Steven.Lofchie@cwt.com's picture
Commentary by Steven Lofchie

Senator Elizabeth Warren conducted an investigation of fifteen leading annuity providers to determine whether they offered their sales agents non-cash incentives and other perks to promote their products. The resulting report, titled Villas, Castles, and Vacations: How Perks and Giveaways Create Conflicts of Interest in the Annuity Industry, asserts that 13 of the 15 companies - or 87% - offered sales bonuses to selling agents whose customers were often unaware of these incentives. According to the report, these sales incentives typically included all-expense-paid trips to vacation destinations, sports event tickets, theatre tickets and jewelry. The report also found that none of the fifteen companies offered its customers a "clear, accessible, specific, and easy to understand explanation" of its agent reward system, third-party marketing organizations, or specific encouragements offered to agents as incentives to sell certain products.

The report concluded that these hidden compensations cost American citizens $17 billion every year.

The purpose of the report is to gain support for the adoption of the Department of Labor's proposed fiduciary rule.

Commentary

This study contains interesting information and Senator Warren should be commended for making substantive arguments in support of the DOL's proposed fiduciary rule.

The Senator should release the underlying data of her report to the public to provide added support for her arguments and to allow academics and other interested parties to review her conclusions. One flaw in the report, at least in terms of entering into a genuine discussion of the issues, is that it is intended to be more exciting (take a look at the cover picture) than concrete; e.g., it doesn't specify who offered the incentives, how many vacationed at the resort in the cover picture or the basis on which a vacation was awarded.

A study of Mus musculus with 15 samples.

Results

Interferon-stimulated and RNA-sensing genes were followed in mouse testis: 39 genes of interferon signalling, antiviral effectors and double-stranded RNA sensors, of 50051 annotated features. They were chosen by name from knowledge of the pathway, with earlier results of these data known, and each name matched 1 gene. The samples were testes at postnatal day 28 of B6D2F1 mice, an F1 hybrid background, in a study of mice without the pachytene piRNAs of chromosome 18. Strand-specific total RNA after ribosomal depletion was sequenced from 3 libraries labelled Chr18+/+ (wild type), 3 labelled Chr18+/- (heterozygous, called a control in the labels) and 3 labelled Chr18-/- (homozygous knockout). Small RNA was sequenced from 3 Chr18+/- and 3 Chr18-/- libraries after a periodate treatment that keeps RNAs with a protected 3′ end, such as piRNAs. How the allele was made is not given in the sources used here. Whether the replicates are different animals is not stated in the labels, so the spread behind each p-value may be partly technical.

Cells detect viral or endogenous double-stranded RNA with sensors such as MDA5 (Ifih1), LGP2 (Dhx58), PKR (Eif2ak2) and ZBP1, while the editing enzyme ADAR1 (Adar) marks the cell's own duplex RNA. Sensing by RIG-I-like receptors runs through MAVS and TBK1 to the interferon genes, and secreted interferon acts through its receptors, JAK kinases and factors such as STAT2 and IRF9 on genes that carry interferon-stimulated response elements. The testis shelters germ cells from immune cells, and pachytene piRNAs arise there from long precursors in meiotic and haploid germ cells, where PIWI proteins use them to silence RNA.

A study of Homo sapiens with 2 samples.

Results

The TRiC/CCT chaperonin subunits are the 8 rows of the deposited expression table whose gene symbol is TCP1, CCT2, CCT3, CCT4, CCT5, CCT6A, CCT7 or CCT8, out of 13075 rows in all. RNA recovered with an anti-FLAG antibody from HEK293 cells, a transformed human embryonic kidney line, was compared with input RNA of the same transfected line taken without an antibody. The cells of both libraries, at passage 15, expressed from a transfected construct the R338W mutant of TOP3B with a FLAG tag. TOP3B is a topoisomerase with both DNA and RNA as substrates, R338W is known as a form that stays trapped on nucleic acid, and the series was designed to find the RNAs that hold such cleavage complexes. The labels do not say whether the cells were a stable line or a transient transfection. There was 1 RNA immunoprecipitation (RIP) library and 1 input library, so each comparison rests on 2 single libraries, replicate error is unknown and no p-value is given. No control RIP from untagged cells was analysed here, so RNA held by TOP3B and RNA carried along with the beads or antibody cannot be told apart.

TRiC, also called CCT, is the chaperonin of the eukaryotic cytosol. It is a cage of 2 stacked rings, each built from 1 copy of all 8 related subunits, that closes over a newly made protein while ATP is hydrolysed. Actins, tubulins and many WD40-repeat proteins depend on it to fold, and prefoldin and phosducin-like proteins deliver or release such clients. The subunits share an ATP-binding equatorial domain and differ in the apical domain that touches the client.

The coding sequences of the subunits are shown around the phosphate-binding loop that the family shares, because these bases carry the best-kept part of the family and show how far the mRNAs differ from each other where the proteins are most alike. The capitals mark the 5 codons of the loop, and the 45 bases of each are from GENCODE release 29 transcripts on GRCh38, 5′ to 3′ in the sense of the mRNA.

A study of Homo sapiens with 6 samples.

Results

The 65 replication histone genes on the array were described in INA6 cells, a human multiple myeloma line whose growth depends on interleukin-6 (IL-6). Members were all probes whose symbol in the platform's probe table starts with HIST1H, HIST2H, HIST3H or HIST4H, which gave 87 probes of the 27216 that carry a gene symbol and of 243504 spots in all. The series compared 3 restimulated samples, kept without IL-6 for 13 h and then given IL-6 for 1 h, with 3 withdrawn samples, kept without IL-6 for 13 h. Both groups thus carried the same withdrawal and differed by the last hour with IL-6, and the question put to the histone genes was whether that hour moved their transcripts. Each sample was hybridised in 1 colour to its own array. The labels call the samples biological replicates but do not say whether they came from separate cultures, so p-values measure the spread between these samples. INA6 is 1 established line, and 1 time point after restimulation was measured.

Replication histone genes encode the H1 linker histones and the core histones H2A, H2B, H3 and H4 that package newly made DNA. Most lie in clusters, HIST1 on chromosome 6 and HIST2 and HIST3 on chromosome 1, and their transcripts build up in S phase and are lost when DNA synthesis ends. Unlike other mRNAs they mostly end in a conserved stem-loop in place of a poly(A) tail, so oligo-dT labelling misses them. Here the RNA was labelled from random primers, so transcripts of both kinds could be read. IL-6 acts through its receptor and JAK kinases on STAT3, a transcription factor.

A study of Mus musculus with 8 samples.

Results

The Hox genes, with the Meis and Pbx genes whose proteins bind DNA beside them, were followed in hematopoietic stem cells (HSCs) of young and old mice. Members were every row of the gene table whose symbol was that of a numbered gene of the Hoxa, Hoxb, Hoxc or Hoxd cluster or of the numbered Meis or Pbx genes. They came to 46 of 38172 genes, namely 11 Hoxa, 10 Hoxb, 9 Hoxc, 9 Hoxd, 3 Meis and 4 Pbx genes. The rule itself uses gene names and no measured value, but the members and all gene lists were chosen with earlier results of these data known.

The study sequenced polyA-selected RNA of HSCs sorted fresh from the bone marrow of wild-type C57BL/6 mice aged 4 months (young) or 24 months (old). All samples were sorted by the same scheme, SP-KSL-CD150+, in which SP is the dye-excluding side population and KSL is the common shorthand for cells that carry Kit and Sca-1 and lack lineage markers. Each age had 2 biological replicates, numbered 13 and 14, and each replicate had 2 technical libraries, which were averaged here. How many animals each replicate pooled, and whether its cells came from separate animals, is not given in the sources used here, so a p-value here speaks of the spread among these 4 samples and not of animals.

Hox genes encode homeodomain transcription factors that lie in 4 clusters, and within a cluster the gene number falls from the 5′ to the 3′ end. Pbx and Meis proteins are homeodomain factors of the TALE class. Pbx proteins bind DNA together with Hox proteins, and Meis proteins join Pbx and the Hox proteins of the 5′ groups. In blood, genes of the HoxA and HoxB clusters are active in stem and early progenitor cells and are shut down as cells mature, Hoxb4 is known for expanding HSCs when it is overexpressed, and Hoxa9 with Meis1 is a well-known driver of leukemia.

It should be noted that there is a certain inconsistency related to the Senator's public position on sourcing and conflicts. Previously, the Senator made a vigorous public attack against an academic who testified before Congress: the Senator condemned the academic for having a conflict of interest, even though that conflict was disclosed clearly in the academic's report. (See The Debate over the DOL Debate (with Lofchie Comment) (October 9, 2015).) Scrutiny of a few of the sources behind the Senator's report reveals a quote that reads as follows: "One expert has claimed that the [marketing agencies] have become 'glorified travel agencies' and noted that they are 'the primary culprits of this type of agency perks'" (at footnotes 5 and 34 of the report). The links in the footnotes show that the quotes were taken from a piece that largely praises Senator Warren, that the assertion in the article (whether or not it is true) is not substantiated in any way, and that the "expert" is himself an annuity salesperson (a/k/a "Stan the Annuity Man") who uses his own writing as a sales device (and so might have reason to attack his competitors). None of this means that "Stan the Annuity Man" is wrong, but it would have been better if the Senator described him as a well-known (or well-regarded, or thoughtful) industry salesperson, or even identified her source as Stan the Annuity Man.

That said, the report makes a real contribution to the discussion. The Senator should make all of her data available to interested parties, as well as to other interested regulators such as the SEC and FINRA.